There has been a strong focus recently on the latest audit outcomes of municipalities, and what this reveals about the state of local government.
In the Eastern Cape, 13 of the 39 municipalities audit reports worsened and only one received a clean audit. But is a clean audit the only measure of a municipality’s effectiveness, and does this indicate whether a municipality is succeeding in improving the quality of life of the communities it serves?
There are basically three benchmarks a municipality must comply with to achieve a clean audit, namely: Financial statements must be free of material misstatements; there must be no material findings in terms of annual performance report, and there must be no material findings in terms of non-compliance with key legislative prescripts.
Achieving these three benchmarks is no small task! Doing so plays a huge role in preventing fraud, corruption and maladministration, and puts the municipality well on track to good financial governance.
However, good financial governance is only one of the yardsticks that should be used to determine whether a municipality is successful.
A wholistic evaluation should take into consideration the financial governance, political and administrative stability and, perhaps most importantly, service delivery and community satisfaction levels, which go hand in hand.
Based on an evaluation of municipal call centres, the top five service delivery issues identified are:
• Road infrastructure (Potholes and the general state of roads)
• Sewerage related issues
• Electricity supply
• Access to water
• General cleanliness of the municipality
Using these criteria, let’s compare the Senqu Local Municipality, the only municipality to receive a clean audit, and the Kouga Municipality, which received an unqualified audit opinion (meaning the financial statements were a true and fair representation, without any limitations, although some internal control mechanisms need attention).
The two municipalities are fairly similar in geographical size, have similar resources and budgets.
A closer look at Senqu, however, reveals that despite a clean audit outcome for five years in a row, the municipality’s service delivery track record is abysmal. Bulk infrastructure is collapsing, and residents are fed up.
The vast majority of this ANC-led municipality’s roads are gravel, with many severely eroded and near undrivable. Despite repeated promises by ANC councillors, nothing has been done.
The municipality’s sewerage systems are failing. Blocked drains and failing pump stations have resulted in backed up sewage overflowing into houses. Water and electricity supply infrastructure are heading the same route, with constant disruptions.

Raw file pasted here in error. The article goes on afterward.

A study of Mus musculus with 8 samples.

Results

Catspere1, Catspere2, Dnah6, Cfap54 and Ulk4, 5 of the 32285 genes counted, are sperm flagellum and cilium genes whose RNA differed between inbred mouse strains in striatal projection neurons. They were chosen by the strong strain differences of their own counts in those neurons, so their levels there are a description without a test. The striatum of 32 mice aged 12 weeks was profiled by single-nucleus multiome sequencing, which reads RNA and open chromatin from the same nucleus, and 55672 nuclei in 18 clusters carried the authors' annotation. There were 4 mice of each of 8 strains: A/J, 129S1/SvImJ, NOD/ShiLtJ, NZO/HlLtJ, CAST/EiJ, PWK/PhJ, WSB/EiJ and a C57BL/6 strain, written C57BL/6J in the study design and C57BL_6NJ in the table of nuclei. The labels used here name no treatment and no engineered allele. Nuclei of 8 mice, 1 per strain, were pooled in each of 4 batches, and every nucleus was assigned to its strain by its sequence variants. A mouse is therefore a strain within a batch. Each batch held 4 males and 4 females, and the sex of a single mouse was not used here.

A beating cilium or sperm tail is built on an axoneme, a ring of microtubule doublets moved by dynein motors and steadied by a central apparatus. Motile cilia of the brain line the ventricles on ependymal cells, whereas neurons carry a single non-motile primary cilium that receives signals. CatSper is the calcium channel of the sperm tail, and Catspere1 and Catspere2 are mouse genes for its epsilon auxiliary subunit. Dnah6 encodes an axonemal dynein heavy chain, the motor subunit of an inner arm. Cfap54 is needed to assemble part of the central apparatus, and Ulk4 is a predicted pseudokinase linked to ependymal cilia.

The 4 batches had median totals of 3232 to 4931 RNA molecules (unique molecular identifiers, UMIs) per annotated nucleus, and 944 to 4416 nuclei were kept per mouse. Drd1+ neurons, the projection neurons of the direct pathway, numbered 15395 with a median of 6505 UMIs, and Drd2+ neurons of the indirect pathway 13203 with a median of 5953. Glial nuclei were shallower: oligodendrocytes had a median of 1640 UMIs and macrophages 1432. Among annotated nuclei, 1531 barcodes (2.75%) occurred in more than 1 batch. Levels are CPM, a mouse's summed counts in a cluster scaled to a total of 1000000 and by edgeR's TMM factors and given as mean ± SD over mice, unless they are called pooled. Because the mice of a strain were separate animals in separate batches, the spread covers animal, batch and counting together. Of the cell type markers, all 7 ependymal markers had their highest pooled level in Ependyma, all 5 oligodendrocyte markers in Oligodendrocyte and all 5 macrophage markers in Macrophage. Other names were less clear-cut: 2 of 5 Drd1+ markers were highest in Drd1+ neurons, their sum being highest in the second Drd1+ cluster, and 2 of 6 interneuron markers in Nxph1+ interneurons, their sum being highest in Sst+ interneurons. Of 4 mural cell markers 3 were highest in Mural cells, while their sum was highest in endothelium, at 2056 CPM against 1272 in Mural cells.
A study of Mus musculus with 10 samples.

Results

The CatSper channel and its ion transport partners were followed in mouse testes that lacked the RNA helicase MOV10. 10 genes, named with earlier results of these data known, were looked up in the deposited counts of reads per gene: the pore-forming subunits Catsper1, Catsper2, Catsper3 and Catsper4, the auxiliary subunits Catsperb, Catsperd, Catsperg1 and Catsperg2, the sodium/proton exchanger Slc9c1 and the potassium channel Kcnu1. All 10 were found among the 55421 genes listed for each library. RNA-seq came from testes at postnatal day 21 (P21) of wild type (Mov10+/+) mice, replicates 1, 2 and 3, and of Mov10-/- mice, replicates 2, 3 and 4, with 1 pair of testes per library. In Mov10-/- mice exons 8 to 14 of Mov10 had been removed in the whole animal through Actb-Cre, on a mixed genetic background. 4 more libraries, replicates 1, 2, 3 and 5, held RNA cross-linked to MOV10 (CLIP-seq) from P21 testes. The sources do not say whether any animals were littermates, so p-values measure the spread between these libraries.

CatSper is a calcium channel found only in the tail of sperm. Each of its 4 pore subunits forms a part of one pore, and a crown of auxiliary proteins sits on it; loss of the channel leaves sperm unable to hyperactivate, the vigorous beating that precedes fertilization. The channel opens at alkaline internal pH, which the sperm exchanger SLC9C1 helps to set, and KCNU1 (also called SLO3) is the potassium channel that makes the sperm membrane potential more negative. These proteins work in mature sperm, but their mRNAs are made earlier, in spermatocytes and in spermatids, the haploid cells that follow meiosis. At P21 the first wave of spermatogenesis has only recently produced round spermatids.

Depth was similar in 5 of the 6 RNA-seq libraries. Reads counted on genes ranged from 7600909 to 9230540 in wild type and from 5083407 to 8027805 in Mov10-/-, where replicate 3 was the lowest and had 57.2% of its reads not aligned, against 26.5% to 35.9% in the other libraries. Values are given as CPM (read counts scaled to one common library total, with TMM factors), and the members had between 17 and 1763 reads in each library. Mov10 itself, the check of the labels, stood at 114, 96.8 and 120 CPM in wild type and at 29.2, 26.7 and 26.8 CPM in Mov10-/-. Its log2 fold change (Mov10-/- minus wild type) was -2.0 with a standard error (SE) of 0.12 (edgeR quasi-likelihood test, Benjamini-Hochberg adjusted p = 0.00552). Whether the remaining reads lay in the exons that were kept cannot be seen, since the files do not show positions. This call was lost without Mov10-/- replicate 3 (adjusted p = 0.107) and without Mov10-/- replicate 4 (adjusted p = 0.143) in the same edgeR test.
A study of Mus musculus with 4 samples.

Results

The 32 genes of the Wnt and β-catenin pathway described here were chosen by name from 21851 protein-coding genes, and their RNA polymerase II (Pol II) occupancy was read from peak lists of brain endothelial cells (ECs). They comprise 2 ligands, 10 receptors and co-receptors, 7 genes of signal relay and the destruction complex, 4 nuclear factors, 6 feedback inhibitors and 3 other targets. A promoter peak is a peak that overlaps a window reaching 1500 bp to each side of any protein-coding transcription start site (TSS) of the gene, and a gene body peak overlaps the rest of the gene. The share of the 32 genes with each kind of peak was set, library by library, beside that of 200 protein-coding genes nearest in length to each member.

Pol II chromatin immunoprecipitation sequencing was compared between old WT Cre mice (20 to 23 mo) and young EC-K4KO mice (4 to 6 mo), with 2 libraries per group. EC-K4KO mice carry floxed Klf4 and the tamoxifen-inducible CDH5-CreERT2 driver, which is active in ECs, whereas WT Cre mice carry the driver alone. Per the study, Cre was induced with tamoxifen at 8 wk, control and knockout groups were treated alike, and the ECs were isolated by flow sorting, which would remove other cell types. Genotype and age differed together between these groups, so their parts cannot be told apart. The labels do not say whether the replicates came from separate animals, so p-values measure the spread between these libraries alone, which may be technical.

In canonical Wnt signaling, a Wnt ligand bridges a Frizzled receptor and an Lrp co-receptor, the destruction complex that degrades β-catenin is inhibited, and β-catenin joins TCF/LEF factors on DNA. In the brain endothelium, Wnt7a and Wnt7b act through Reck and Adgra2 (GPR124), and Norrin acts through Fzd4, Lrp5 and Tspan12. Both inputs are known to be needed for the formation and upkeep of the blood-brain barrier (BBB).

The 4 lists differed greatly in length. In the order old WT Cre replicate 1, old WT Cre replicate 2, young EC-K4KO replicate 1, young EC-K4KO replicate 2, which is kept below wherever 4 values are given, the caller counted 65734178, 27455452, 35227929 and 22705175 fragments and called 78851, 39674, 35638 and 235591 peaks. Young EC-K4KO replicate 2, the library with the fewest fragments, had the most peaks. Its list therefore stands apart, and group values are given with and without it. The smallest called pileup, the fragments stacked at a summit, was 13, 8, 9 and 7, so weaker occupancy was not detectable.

Public facilities have been vandalised, refuse is often left uncollected, and illegal dumping remains a concern.
In comparison, over the last five years the Kouga municipality has been making phenomenal strides in improving the lives of their residents.
Before the Local Government elections in 2016, the Kouga Municipality was heading the same way as Senqu, with failing infrastructure and maintenance backlogs. It was one of the worst-run municipalities in the Eastern Cape.
This picture started to change drastically after the Democratic Alliance secured majority support in the 2016 Local Government elections, under former Mayor Elza Van Lingen and current Mayor Horatio Hendricks. A concerted effort has seen a dramatic turnaround.
Innovative new technologies and solutions have seen Africa’s first eco-friendly road being built in the Kouga municipality, using waste plastic in the construction process. Over the past 12 months, over 14 000 potholes have been repaired.
Significant progress has been made in terms of wastewater treatment, with the construction of two wastewater treatment works, at a cost of R138 million, benefitting more than 7 800 households.
Vast improvements have been made in upgrading the electricity supply network and water infrastructure, with drought relief projects high on the list of priorities. Additional boreholes have been drilled, while rainwater harvesting tanks have been provided to households, as drought conditions prevail.
In terms of general cleanliness, residents have a town that they can be proud of. The municipality has refurbished and upgraded public facilities.
The municipality’s willingness to think outside the box and their vision of driving innovation has put them in the spotlight, opening the door for billions of Rands of potential investment.
It’s not just about keeping accurate record of the money that is being spent, but about choosing where to spend the money. Ensuring that funds are directed to infrastructure, maintenance and ensuring that the public have access to reliable basic services is what truly sets a municipality apart.
A capable local government is the combination of good financial governance, political and administrative stability and a dedication to service delivery and community satisfaction. This is what sets DA-governed municipalities apart.
If this is the difference you want, you can change the status quo, but the opportunity only comes round once every five years, when you make your mark at the ballot box.